An entry in the 2015 Rivers Award
for Writing on Peace & Harmony
AFTER a Sunday service in October, the board of management of the local Haisi school in south Bougainville called for a public forum.
To the surprise and dismay of parents, the head teacher announced that classes at the mission school were to be suspended.
There was uproar and people demanded an explanation, especially since Grade 8 examinations were imminent.
The head teacher said the previous night, while the Grade 8 students were at study, a group of drunken men from nearby villages entered school premises.
When a Board member asked the drunks to leave, one ran at him with a long grass knife. Fortunately the Board member leapt aside and the blade struck a wall.
Many women then voiced their concern and fear of drunks roaming freely in the community and along the roadsides. They told how alcohol had an evil grip on the majority of able-bodied men in their families.
After a lengthy discussion, three major resolutions were agreed by the majority of those present.
Firstly, those involved in the Saturday night incident were to be interviewed, reprimanded and fined K50 each by the village chief.
Secondly, other men who previously had been on the mission grounds under the influence of alcohol, whether creating a disturbance or otherwise, would be identified by their respective Village Authority Chiefs. They would be charged a certain amount to prevent the most recent culprits alleging that previous offenders have been let off lightly.
Finally, the women at that forum agreed to stage a peaceful march to places where jungle juice is brewed. There were three known locations and the date was set for the next day.
It was decided that banners and placards would be written with messages requesting the closure of the brewery. The elderly women who could not travel were selected to be “prayer warriors.”
As it happened, there was a dismal turn-up. Those who did arrive at the mission prepared placards but no protest march was staged on the Monday.
So on the Tuesday morning, a few hardy women with three male companions set off to the breweries. They first journeyed to the furthest village of Hiruhiru where they were informed that, had they gone on Monday, they would certainly had been bashed. The irate drinkers and brewers did not want opposition to their practices.
As the group neared the first brewery, they met an obstacle - the removal of a footbridge. They found a log but it broke, so the group waded across the stream.
The leader of the march spoke to the young men, who admitted that they did brew the potent juice.
As they turned west towards the location of the second brewery, they were bombarded with stones, arrows and sticks from the bush along the road. Perhaps the boys were showing a last attempt at retaliation. The stones and arrows were wide off the mark and no-one was hurt.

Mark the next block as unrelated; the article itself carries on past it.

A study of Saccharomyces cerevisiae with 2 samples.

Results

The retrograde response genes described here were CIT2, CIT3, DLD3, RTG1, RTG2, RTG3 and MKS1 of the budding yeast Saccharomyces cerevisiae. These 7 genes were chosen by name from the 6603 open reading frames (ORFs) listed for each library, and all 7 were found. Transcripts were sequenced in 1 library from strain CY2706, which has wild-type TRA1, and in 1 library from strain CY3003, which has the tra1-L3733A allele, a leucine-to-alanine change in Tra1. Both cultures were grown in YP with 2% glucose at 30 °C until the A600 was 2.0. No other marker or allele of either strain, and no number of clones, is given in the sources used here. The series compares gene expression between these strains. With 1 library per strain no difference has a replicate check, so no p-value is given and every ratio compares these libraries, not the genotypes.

The women knew they were up against no ordinary foe. It was the devil himself. So they did not chatter but each journeyed in silent supplication to our Blessed Mother Mary and to her son Jesus Christ.
By midday they reached the second destination. There they found only the females of the family who sold the jungle juice. The marchers talked to the women and asked them not to sell it.
As they travelled towards the last brewery each resumed their silent meditation. They met no resistance and were told that the people there were middlemen. Producers brought them their potent brew and they were the retailers. The women articulated their plea to cease the sale of homebrew and returned to the mission.
Though it may seem a minor thing, the march for peace from homebrew showed what the women are feeling.
They are silent sufferers, bearing their sorrows and fears without complaint even when they see their husbands and their sons becoming addicted and the male-oriented jobs undone or incomplete because, whenever a bit of cash is available, off go the men to their jungle juice. They stop drinking only when the money is exhausted.
JJ or jungle juice is one of the worst destroyers of family life and the cause of many deaths through fights and violent attacks.
The ill-equipped Bougainville Revolutionary Army was able to shut down the largest copper mine and we thought that we were free at last from the white man’s clutches.
However, we have been tacitly imprisoned by what was taught to the young men of Bougainville during the operations of Bougainville Copper Limited: how to make jungle juice. Taught by some white men to their Bougainvillean counterparts.
But we continue to hope and pray that the men will realise the truth and evil of JJ and make a firm choice to say “no”.
The day after the march it was heart-warming to see a group of young men go to Haisi Mission to apologise and reconcile for their past involvement in drinking on the premises of the mission and causing disturbances.
So ends the tale of how the suspension of classes led to the mobilisation of women. The reconciliation resulted in the lifting of the suspension so classes resumed on the Thursday.